Otago Medical School dean Prof Barry Taylor said in a statement students appeared to have taken devices into holding rooms before or after they completed exams and used them to forewarn others taking the papers.
Cheating had not been proven, but the evidence was serious enough to warrant the university considering how the students’ exam results should be treated.
"A number of options have been considered, up to and including rerunning the examination. However, analysis suggests that any impact from the alleged misconduct is likely to be small, and so we retain reasonable confidence in the results of the [Objective Structured Clinical Examination]," Prof Taylor said.
"We are also concerned about the fairness of requiring students to resit the examination when only a small number of students may have been actively involved in perpetrating misconduct; there is a real risk with this approach that students who were not involved would be disadvantaged."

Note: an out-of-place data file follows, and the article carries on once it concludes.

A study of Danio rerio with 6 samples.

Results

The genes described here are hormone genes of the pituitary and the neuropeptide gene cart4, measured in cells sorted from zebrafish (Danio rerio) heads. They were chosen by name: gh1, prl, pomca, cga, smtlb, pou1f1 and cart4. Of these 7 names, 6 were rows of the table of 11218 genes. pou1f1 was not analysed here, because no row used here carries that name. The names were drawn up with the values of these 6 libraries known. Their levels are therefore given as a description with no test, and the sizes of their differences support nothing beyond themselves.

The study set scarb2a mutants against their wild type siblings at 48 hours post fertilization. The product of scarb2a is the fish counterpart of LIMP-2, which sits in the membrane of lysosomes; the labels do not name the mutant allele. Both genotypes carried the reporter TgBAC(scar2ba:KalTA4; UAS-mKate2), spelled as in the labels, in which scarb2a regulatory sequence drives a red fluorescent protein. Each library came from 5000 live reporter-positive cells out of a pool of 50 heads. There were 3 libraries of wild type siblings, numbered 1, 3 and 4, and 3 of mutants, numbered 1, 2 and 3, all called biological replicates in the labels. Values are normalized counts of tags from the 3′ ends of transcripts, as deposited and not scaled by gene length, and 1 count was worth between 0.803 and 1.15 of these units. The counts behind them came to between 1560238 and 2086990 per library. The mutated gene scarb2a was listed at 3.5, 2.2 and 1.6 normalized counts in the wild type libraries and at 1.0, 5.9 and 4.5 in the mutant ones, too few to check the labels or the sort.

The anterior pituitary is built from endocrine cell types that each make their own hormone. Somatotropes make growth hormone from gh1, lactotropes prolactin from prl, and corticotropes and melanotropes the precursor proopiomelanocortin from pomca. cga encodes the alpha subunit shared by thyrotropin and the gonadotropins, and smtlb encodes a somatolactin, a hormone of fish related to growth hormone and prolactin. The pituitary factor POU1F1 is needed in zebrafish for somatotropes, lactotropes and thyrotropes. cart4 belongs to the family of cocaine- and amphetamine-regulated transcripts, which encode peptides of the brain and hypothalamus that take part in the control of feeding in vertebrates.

The marks from the examination this year would stand, Prof Taylor said.
However, the medical school would put additional measures in place, via additional monitoring and provision of support, during the remaining three years of their course to ensure all students in the class developed the necessary clinical skills.
"The decision to accept the results of the OSCE does not reduce the seriousness of the alleged misconduct that has been identified," Prof Taylor said.
"The premeditated sending of information and receipt of information about examination content is considered a serious act of academic misconduct by the university.
"Should specific cases of misconduct be proven, there will be serious consequences for those involved."
The New Zealand Medical Association was unable to provide comment yesterday afternoon. The Otago University Students’ Association and the Otago University Medical Students’ Association did not respond to requests for comment yesterday afternoon.